Watch out for ‘unnaturally bright’ watermelons, mangoes, warn experts

“Fruits with pale or translucent hues, such as strawberries, grapes, melons, and cherries, are more likely to be targets for artificial colouring,” Edwina emphasised.
For representational purposes
For representational purposes

BENGALURU: Watermelon and mangoes, the most-awaited, favoured fruits of the season, are currently found to be adulterated’, health experts have cautioned. This year, owing to low yield, mangoes are being artificially ripened using calcium carbide, while watermelons are injected with erythrosin B, a red dye, to speed up the ripening process and provide the fruit with a pleasing red hue. With multiple fruit fairs currently being held in the city, experts have flagged certain clues such as uniformly coloured fruits, bright appearance, and consistent size, indicating potential chemical presence.

Edwina Raj, Head of Services - Clinical Nutrition and Dietetics, Aster CMI Hospital highlighted that unnaturally bright or uniform colours on fruit, along with coloured wax coatings, can indicate the use of calcium carbide to accelerate ripening, particularly in mangoes. This chemical releases harmful substances such as acetylene gas and traces of arsenic compounds, suggesting artificial intervention. “Fruits with pale or translucent hues, such as strawberries, grapes, melons, and cherries, are more likely to be targets for artificial colouring,” Edwina emphasised.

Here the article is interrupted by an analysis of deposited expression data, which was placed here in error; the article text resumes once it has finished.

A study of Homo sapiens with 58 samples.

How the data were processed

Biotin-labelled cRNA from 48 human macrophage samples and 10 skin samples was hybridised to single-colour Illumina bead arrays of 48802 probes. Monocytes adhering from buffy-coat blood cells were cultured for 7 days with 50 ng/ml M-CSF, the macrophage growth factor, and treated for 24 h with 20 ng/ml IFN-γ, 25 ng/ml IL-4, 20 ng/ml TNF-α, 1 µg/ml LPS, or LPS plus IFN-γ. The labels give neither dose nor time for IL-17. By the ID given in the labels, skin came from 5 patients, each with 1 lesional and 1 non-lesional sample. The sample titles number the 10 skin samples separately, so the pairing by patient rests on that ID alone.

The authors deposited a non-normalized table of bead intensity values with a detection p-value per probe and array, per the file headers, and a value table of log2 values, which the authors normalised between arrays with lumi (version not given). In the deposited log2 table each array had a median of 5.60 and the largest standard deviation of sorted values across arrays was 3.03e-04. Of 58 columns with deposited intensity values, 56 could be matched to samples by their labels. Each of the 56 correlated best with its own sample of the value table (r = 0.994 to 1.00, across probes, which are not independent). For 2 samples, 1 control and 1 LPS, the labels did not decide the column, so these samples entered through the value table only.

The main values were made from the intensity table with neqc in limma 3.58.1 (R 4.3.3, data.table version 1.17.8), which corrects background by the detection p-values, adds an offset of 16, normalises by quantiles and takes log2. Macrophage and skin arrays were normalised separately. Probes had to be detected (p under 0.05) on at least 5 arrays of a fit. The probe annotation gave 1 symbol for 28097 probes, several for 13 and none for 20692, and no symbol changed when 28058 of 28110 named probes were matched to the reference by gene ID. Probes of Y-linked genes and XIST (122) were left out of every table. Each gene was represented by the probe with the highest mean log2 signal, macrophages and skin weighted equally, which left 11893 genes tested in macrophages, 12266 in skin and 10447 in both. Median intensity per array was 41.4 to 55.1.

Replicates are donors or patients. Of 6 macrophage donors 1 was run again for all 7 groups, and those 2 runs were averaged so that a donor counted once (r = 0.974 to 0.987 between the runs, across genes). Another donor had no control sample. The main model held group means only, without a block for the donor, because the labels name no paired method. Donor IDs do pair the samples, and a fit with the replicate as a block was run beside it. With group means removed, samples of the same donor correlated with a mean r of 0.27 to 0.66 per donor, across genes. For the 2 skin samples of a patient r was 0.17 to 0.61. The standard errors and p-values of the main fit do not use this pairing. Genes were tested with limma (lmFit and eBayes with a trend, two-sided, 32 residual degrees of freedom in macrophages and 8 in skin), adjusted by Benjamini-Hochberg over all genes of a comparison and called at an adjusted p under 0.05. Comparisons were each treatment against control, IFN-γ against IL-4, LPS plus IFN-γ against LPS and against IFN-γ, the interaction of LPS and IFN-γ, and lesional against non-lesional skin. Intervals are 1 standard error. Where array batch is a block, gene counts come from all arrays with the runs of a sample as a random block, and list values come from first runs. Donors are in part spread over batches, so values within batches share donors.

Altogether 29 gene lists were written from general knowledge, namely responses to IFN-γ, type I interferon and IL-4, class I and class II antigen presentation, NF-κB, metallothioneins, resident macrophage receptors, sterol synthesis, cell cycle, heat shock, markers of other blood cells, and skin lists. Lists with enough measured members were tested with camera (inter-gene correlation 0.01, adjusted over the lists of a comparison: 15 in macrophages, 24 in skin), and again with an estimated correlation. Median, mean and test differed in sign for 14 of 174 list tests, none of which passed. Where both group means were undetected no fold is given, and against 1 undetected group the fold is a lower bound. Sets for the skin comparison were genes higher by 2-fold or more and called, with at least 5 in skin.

She explained that artificial colours typically do not alter a fruit’s inherent taste, but can mask spoilage or poor quality. Therefore, people must look for overly saturated colours which may indicate artificial colouring. Unlike hybrid fruits, artificially coloured fruits are often ‘unnaturally bright’ and ‘uniformly coloured’ across their entire surface. Moreover, carbide-ripened fruits lack extra juice content and may cause a mild burning sensation in the mouth, frequent thirst, vomiting, irritability, and dizziness.

Edwina advised that before consumption, fruits must be washed thoroughly and soaked in water to remove surface waxes or potential colour residues and children, who often just pick things and directly consume, must be educated about unusually vibrant fruit colours.

Dr Nasiruddin G, Consultant - Internal Medicine, Fortis Hospital said the strongest scientific evidence regarding food dyes is their association with hyperactivity in children. Multiple studies have demonstrated that food dyes can enhance hyperactivity in children with ADHD (Attention-deficit/hyperactivity disorder – marked by an ongoing pattern of inattention and/or hyperactivity-impulsivity that interferes with functioning or development), and those without, though sensitivity levels may differ.